Gospel music isn’t just for believers. The fervor of African-American devotional songs played a key role in shaping the sound of secular pop from the ‘50s on, and continues to bestow its blessing of uplift on listeners of all persuasions today.
Live in London
A member of the terrific gospel family group The Staple Singers, which flourished from the ‘50s through the ‘70s, Mavis Staples is still going strong today. Recorded last year, Live in London captures the big-voiced singer at her exuberant best, belting out rousing nontraditional material composed by the likes of Talking Heads, Jeff Tweedy, and George Clinton as she offers her own version of a Sunday-morning service. The taut backing band does a stellar job, especially Rick Holmstrom, who uncannily replicates the classic tremolo-drenched guitar of her dad, the late “Pops” Staples, and adds a few exciting ideas of his own. While the phrase “national treasure” is thrown around way too often, Mavis Staples really is one.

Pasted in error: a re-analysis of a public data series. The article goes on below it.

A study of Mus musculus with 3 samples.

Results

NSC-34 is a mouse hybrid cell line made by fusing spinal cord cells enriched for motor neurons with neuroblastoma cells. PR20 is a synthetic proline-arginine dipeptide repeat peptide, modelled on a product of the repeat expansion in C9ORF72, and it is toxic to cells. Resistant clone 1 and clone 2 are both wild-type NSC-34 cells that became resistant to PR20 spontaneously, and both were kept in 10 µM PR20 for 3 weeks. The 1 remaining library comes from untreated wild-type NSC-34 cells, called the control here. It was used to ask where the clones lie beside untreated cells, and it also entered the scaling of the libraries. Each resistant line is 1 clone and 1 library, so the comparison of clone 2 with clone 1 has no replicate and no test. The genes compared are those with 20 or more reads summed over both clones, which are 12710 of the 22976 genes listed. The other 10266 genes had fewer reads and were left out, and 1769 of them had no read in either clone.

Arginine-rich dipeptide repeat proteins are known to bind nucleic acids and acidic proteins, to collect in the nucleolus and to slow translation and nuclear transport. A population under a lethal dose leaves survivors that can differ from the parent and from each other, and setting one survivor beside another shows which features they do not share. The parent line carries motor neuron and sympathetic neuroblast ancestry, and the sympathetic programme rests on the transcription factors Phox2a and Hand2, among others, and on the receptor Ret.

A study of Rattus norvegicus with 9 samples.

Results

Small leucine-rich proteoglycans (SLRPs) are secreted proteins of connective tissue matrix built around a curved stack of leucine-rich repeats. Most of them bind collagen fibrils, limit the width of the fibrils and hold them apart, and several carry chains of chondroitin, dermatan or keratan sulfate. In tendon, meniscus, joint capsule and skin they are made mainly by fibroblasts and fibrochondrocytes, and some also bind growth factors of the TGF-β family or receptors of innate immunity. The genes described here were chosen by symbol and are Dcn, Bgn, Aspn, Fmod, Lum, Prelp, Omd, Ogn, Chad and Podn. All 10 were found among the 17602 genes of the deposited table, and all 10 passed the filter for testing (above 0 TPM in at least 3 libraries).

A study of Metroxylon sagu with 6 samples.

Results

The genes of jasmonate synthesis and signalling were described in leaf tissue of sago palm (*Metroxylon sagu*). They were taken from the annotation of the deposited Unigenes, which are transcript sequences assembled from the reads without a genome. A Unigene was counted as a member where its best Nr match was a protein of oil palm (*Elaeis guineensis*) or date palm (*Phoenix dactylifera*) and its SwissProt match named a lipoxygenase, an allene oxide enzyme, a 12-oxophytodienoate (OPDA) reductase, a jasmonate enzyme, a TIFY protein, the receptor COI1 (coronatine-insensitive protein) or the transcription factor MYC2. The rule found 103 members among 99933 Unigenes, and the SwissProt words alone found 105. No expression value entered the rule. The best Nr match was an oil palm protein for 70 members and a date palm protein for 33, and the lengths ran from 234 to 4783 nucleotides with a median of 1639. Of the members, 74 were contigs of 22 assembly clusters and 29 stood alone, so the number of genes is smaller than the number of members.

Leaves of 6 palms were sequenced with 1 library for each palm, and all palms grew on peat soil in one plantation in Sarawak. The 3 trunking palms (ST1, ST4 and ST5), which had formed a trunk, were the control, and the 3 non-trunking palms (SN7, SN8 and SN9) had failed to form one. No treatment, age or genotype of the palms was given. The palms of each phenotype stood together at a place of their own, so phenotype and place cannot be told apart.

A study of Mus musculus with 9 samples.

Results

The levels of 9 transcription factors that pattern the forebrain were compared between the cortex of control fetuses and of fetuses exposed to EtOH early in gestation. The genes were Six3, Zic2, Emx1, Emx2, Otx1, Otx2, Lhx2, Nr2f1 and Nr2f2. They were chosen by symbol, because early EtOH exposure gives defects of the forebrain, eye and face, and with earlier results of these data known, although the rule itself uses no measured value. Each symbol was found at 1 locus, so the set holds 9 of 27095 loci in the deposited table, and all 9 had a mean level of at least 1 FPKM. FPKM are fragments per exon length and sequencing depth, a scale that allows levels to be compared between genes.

Modern Sounds in Country and Western Music Volumes 1 and 2
Ray Charles often gets credit for inventing soul music by bringing a church vibe to profane R’n’B in his landmark hit “I’ve Got a Woman.” By the early ‘60s, he was ready to launch another revolution with Modern Sounds in Country and Western Music, performing so-called hillbilly songs in a whole new context. Today, the blending of styles commonly pegged as white and black is considered no big deal, but it was a daring move back then. Not everything on these two 1962 albums, presented on a single disc, has aged particularly well, however. It’s jarring to hear tunes associated with the Everly Brothers (“Bye Bye Love”) and Hank Williams (“Hey, Good Lookin'”) transformed into swingin’, Vegas-friendly epics, complete with brash horns. Much more satisfying are the ballads, including Don Gibson’s “I Can’t Stop Loving You,” where Charles’ subtle, sublime voice is given free rein.